Orthodoxy Today, that bastion of theological internet civility, recently published an excerpt of a presentation Fr. John Parker gave at a conference on pastoral care in a digital age. In it he accused the editors and writers of Public Orthodoxy, Orthodoxy in Dialogue, and The Wheel of prowling around like wolves in sheep’s clothing, preying on an unsuspecting catechumenate to sow division, discord, and confusion. They pretend to promote dialog, when really they have diabolical motives, mostly having to do with making the church more welcoming to LGBTQ people. It is a tired and thus boring accusation, a thesis plagiarized from a myriad of internet blog comments and coffee hour conversations with like-minded people. More importantly, it is a hypocritical thesis. Fr. Parker accuses the above sites of trying to sow confusion, when in fact he seems to do precisely the same thing.
I know in some way the editors of Orthodoxy in Dialogue, The Wheel, and Public Orthodoxy. I myself have contributed a couple of articles to the latter. The blanket accusation of a general, almost conspiratorial intent to sow confusion is both offensive and false. It is offensive because, speaking for myself at least, that is not the case. It is false because there are contributors to those sites who share his same views on gender and sexuality and because the active solicitation and publication of authors who share those views bellies the any supposedly nefarious intent on the part of those who run the sites.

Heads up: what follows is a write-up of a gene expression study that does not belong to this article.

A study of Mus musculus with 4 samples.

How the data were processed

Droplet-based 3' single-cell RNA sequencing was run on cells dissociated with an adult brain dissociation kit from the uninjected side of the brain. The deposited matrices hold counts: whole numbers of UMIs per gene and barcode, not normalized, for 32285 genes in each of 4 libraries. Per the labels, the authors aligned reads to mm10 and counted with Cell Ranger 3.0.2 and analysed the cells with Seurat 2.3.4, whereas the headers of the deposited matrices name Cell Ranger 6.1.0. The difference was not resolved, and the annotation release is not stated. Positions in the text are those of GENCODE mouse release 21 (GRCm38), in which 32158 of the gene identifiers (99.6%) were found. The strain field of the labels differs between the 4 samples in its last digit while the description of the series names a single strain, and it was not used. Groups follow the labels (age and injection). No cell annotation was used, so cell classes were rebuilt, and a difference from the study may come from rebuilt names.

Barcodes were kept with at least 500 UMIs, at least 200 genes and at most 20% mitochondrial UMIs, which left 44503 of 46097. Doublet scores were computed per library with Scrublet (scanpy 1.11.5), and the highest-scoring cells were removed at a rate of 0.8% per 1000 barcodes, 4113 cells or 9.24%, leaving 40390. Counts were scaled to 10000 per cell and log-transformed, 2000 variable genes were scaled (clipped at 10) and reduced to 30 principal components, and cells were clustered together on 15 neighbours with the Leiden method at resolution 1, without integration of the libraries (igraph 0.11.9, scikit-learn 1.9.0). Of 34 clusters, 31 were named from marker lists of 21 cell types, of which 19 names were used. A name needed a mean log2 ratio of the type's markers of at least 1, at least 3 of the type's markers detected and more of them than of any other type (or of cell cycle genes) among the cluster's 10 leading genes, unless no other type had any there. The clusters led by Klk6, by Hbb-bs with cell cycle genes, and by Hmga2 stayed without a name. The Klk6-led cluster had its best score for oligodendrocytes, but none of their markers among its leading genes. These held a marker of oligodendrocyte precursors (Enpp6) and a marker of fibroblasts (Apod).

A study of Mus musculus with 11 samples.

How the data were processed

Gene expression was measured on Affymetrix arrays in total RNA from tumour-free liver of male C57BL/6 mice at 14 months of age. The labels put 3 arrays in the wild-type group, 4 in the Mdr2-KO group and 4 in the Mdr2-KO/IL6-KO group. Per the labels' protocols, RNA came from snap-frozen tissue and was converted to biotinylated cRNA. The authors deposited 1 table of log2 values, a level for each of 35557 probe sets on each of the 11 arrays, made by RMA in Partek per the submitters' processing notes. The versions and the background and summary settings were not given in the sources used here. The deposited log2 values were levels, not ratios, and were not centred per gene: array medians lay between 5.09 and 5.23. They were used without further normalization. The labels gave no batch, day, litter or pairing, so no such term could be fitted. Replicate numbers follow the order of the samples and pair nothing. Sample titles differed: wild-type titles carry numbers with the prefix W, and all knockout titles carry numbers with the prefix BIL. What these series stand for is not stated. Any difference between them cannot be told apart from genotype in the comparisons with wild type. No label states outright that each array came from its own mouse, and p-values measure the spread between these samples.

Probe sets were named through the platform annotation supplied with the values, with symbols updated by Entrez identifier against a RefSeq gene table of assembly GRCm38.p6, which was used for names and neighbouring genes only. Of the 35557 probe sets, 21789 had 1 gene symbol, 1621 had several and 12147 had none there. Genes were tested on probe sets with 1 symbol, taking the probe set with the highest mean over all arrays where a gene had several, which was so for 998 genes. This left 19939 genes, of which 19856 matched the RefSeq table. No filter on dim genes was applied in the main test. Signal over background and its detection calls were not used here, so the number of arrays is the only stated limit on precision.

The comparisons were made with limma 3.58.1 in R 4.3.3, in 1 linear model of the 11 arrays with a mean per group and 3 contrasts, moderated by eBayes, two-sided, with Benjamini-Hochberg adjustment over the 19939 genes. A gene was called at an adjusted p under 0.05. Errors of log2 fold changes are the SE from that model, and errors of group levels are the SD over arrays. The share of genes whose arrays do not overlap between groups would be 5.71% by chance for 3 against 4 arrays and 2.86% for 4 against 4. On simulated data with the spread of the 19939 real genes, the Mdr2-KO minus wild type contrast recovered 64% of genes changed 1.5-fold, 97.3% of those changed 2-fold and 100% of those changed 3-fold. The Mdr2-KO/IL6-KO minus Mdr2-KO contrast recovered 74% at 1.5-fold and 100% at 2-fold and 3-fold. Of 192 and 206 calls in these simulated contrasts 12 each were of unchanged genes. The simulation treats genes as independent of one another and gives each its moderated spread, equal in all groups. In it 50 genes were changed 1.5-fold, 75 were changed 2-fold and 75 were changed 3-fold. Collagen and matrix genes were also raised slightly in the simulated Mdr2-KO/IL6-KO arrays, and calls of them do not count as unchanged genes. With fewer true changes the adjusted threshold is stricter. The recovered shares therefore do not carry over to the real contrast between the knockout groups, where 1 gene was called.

(I should say here that I am speaking from my experience with Orthodoxy in Dialogue and Public Orthodoxy. I am less read in The Wheel.)
The problem with accusations like Fr. Parker’s is that they assume a great deal about the inner motives of those who have taken the time, effort, money, not to mention loads of personal abuse, to start and keep those sites running. To write and publish something even remotely affirming of LGBTQ individuals is to douse oneself in troll pheromone. That is a whole lot of work for something so nefarious.
Continue reading this article at David J Dunn.
Excerpt published in collaboration with the author.
See also Orthodoxy in Dialogue’s response to Father Parker and the extensive Sexuality and Gender section in our Archives by Author.
David J. Dunn holds a PhD in Theological Studies from Vanderbilt University. He is an Orthodox Christian, independent scholar, educator, and director of an independent school in Nashville TN. He has written several articles on the intersections of faith and public life for Huffington Post.